A Caring Neighborhood
Young people need to be surrounded by people who love, care for, appreciate, and accept them. The fourth asset in the support category is “A Caring Neighborhood.”
The idea is that each young person will experience caring neighbors. In this day and age, it is not unusual for people to be strangers to the people who live next door or across the street. Can you name the children under the age of 18 who live within a block of your place of residence? Can you call each by name when you see them out playing or riding/walking past your house? In our busy lives, it is easy to focus on our own family and not think about those around us.
• Are there people in your life who have always supported you through hard times? Who are they? How do they support you?
• Do you know a young person who doesn’t seem to have a lot of support from adults outside her or his family? What can you do to reach out to him or her?
One message that all youth want adults to learn is “Never give up on me; try to understand me.” Three of the 40 questions youth were asked to respond to in the survey conducted by the Search Institute were:
My neighbors encourage and support me. They care about me.
I feel safe at home, at school, and in the neighborhood. Neighbors take responsibility for monitoring my behavior.
Would all of the youth on your block respond yes to each of these statements?
A month after our family moved into our Ames neighborhood, a flyer was delivered to our home. It was an announcement for the annual Tyler Street block party. What a wonderful way to get acquainted and to feel welcomed! For years, neighbors automatically marked the Sunday after Labor Day on their new calendars. Over the years, I observed more blockades set up on various days around the city; a sure sign of neighbors getting together. As a result of the block party and thoughtful neighbors, the children in the neighborhood felt safe and cared for. All of our youth deserve to live in this kind of environment. Unfortunately, only 40% of 6th to 12th grade youth respond with a positive. The world should be an inviting, not a threatening, place for our children. Everyone has a role in helping youth develop. Remember that all kids are our kids. There are actions all of us can take to ensure all of our youth grow up in a caring environment.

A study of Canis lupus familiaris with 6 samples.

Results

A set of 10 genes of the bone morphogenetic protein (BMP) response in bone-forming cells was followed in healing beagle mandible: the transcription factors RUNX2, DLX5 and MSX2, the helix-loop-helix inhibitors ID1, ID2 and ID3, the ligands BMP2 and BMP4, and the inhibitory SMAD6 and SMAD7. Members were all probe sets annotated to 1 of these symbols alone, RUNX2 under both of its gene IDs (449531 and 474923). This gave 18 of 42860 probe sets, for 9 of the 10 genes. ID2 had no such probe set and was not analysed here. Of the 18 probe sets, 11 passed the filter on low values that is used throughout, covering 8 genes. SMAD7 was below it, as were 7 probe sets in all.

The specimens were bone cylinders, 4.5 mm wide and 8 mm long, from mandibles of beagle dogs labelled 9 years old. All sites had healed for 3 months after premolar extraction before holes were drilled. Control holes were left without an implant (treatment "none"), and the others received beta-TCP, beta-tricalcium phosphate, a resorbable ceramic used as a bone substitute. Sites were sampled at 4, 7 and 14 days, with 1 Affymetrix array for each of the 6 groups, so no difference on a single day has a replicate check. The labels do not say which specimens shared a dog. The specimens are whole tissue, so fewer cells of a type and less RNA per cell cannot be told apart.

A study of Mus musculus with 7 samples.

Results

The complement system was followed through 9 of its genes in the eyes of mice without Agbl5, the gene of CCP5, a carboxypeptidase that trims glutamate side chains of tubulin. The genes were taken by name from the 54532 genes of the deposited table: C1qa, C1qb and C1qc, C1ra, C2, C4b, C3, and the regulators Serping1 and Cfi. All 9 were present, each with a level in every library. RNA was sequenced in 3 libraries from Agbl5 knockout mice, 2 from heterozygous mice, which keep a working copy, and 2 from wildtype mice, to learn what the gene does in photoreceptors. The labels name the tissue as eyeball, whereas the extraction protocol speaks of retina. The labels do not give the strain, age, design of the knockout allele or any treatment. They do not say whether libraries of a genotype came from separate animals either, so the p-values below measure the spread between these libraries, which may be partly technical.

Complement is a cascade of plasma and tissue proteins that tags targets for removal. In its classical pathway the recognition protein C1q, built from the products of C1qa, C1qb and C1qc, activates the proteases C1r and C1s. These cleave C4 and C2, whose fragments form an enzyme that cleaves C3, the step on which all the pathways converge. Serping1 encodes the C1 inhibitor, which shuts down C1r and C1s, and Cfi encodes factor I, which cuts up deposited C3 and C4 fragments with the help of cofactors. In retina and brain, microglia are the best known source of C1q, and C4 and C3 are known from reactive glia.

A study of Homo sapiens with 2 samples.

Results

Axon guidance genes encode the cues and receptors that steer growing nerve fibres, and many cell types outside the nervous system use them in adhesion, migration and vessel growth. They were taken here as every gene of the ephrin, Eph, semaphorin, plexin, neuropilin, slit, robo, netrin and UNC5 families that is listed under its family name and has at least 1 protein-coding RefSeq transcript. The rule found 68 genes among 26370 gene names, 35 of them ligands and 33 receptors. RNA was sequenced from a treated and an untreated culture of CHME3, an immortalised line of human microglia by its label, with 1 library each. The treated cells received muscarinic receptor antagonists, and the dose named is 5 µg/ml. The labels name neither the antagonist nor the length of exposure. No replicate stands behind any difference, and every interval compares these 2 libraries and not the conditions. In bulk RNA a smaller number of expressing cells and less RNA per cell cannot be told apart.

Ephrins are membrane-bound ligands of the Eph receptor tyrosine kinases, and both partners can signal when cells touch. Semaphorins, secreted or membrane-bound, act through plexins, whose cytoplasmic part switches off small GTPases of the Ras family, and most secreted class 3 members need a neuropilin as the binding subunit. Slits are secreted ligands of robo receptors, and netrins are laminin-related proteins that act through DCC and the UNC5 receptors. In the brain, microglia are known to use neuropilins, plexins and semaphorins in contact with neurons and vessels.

Here are some ideas - you might want to try at least one of them: Learn the names of your neighbors of all ages.
Treat all neighbors with respect and courtesy; expect them to treat you the same way.
Start or join a neighborhood watch or block club. For our youth:
Ask a parent or guardian to introduce you to neighbors you don’t know. Volunteer to help a neighbor with chores around his or her home (such as yard work or pet care).
Visit with other young people about what’s good about where you live and ways you could help improve the neighborhood.
Take time to visit with the young people on your block or in your building.
Offer to help a young neighbor with a project or task.
Let youth know when their behavior is inappropriate or out-of-bounds (with appropriate voice and control).
Like most people in her neighborhood, Linda Staats wanted to ignore the two teenage boys who lived next door. They dressed in black and dyed their hair “creatively.” They didn’t fit into the norms of the neighborhood, so neighbors assumed the worst. One day, though, Linda decided to take a risk and go over to talk with them when they were outside. She was amazed to learn that they-like her son who had moved away from home-were astronomy buffs and owned a telescope. “I realized,” she recalls, “that I could have missed out on a great relationship with some really interesting kids.”
Take time to be a good neighbor and get to know the children in your area. Their future is in our hands and you’ll be glad you took the risk.